NBC News officially canceled “Megyn Kelly Today” Friday afternoon. The decision ended a week of drama and speculation about the future of the highest-paid star in television news in the wake of comments she made defending wearing blackface on Halloween.
In a statement, the network said “’Megyn Kelly Today’ is not returning. Next week, the 9 a.m. hour will be hosted by other Today co-anchors.” Al Roker is expected to return to 9 a.m. The network did not specifically address Kelly’s future role at NBC, but she is expected to leave. Earlier Friday she and the network were in the midst of negotiating the terms of her departure, according to a statement from “Today.” NBC declined to comment further.
Bryan Freedman, Kelly’s attorney, said in a statement: “Megyn remains an employee of NBC News and discussions about next steps are continuing.”
So what went wrong with Kelly and NBC?
From a bad beginning to an inexpressibly awful end, Kelly was, as so many had predicted, doomed from the start at NBC. Perhaps even before the start. She sparked outrage among Fox News viewers after announcing the jump to the so-called enemy in early 2017. She stirred resentment, jealousy and suspicion at NBC, too. She was the big ticket (a reported $17 million, but possibly more) anchor who was either going to replace Matt Lauer one day or save the 9 a.m. corner of the franchise. She was the future with the complicated past — that one at Fox News.
She was also a “she” and no matter what anybody cares to think, women — particularly hugely well-compensated ones — have always had a more complicated and difficult path forward than their male counterparts in television news.
Then, finally, she got to work. Matters did not much improve from there. NBC prearranged an interview with Vladimir Putin that unintentionally served as window-dressing for the Russian leader instead of for its expensive new hire and her Sunday magazine.
That was followed by an interview with conspiracy theorist Alex Jones, to the accompaniment of outrage from Sandy Hook parents. (Jones had stated that the 2012 elementary-school massacre in Newtown, Connecticut, was a hoax using actors.) The interview broke no new ground, but did give Kelly a chance to look tough in front of an indefensible target. Nevertheless, the law of diminishing returns had set in and she still hadn’t launched the morning show.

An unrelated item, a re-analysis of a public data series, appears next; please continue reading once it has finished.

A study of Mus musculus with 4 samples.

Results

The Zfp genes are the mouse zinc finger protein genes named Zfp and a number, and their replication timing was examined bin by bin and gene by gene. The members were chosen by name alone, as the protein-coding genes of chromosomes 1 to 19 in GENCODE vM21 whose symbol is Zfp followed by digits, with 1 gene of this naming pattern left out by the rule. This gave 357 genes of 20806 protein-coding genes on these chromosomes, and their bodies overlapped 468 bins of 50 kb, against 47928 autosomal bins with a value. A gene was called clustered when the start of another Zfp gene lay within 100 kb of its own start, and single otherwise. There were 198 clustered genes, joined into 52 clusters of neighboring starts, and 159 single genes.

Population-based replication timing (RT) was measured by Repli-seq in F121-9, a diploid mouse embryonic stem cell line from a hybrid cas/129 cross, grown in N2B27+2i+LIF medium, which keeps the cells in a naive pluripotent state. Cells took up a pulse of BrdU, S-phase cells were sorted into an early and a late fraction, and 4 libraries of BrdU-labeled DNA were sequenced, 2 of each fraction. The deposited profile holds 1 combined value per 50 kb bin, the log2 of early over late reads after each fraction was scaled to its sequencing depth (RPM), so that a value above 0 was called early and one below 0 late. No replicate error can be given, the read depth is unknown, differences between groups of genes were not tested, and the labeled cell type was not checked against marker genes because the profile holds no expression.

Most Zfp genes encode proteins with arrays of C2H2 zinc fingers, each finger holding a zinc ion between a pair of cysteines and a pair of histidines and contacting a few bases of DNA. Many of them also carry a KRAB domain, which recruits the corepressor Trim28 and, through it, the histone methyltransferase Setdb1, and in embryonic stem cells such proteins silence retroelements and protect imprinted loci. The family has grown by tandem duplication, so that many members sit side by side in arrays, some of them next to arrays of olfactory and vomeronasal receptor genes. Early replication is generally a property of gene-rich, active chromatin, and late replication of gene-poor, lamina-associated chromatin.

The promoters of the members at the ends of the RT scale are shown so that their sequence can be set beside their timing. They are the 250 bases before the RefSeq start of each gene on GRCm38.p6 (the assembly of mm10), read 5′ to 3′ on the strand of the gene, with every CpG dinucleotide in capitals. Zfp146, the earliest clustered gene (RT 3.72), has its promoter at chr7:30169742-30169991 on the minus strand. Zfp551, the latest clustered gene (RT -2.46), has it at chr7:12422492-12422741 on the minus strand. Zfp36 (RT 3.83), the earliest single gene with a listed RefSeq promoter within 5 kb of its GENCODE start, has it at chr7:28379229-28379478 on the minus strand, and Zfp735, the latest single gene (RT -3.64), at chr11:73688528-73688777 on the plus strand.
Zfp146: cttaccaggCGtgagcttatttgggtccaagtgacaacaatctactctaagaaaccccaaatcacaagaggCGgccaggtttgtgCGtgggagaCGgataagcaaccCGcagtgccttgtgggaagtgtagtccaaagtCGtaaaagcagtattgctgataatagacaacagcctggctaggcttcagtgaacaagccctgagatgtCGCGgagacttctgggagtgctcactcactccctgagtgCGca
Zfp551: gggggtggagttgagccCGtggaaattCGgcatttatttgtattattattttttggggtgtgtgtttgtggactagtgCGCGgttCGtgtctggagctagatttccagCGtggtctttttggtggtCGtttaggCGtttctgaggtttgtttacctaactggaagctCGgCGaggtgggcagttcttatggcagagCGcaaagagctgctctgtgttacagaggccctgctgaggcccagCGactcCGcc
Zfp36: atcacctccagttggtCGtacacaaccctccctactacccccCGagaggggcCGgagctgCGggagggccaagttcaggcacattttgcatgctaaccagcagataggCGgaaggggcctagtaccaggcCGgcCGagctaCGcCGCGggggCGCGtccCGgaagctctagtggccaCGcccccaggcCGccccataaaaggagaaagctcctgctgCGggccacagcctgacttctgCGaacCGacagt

When “Megyn Kelly Today” finally arrived on Sept. 25, 2017, the reviews were cruel — accurate but cruel — which indicated that Kelly hadn’t banked a shred of goodwill. Ratings were soft, too, which indicated she hadn’t banked any with viewers either.
Or, apparently, with guests: Debra Messing later said she regretted appearing on the show during a particularly soft in-show commercial for “Will & Grace.” Jane Fonda was visibly ruffled when pressed by Kelly about the “work” she had done on her face. Fonda, with daggers shooting from her eyes: “You really want to talk about that now?” Those all-knowing “sources” quoted in the tabloids said high-profile guests were refusing to come on the show. Maybe they did know something after all.
From there, matters actually seemed to improve. As billed, Kelly proved a sharp interviewer with live TV skills. She worked reasonably well before an audience — hardly her comfort zone — then luck seemed to turn a little more in her favor.
The #MeToo revolution broke just weeks into her tenure, and Kelly found common ground with millions of other women who had been sexually harassed by a male superior. Kelly, who wrote about her harassment by the former FNC chief Roger Ailes, covered #MeToo relentlessly. Ratings improved slightly, which was better than the alternative.
Kelly pressed hard on #MeToo and pressed NBC News to come clean, too, about its own culture of male entitlement. That did not go over well, and apparently opened a rift with management that never closed.
On Tuesday, everything came crashing down. As a veteran anchor employed by a national news network, Kelly should have known that a) there’s no conceivable argument in existence in support of blackface; and b) if any such anchor is foolish enough to mount one, then he or she should know that his or her tenure will be measured in days if not hours.
There’s an easy — and wrong — temptation to assume Kelly’s comments would have gone unnoticed at Fox. Laura Ingraham, for example, has been rebuked for comments about Marjory Stoneman Douglas High School shooting survivor David Hogg, and for this comment last summer: “Massive demographic changes [have been] foisted on us, the American people, and they are changes that none of us ever voted for and most of us don’t like.”
Meanwhile, NBC management — specifically news president Andrew Lack — has some measure of blame for this fiasco, too, notably for failing to read the mood of its own organization.
Star hires have always sparked resentment because they displace veterans and soak up resources, specifically money. Moreover, they tend to be a vestige of that money-is-no-object era in the ’80s and ’90s. Money is always an object, and one that tends to grow larger when ratings don’t materialize.
What’s next for Kelly? A return to FNC seems highly unlikely given the acrimony of her departure. A move to another network such as ABC or CBS seems like a longshot as well. What’s next? That’s the $17 million question.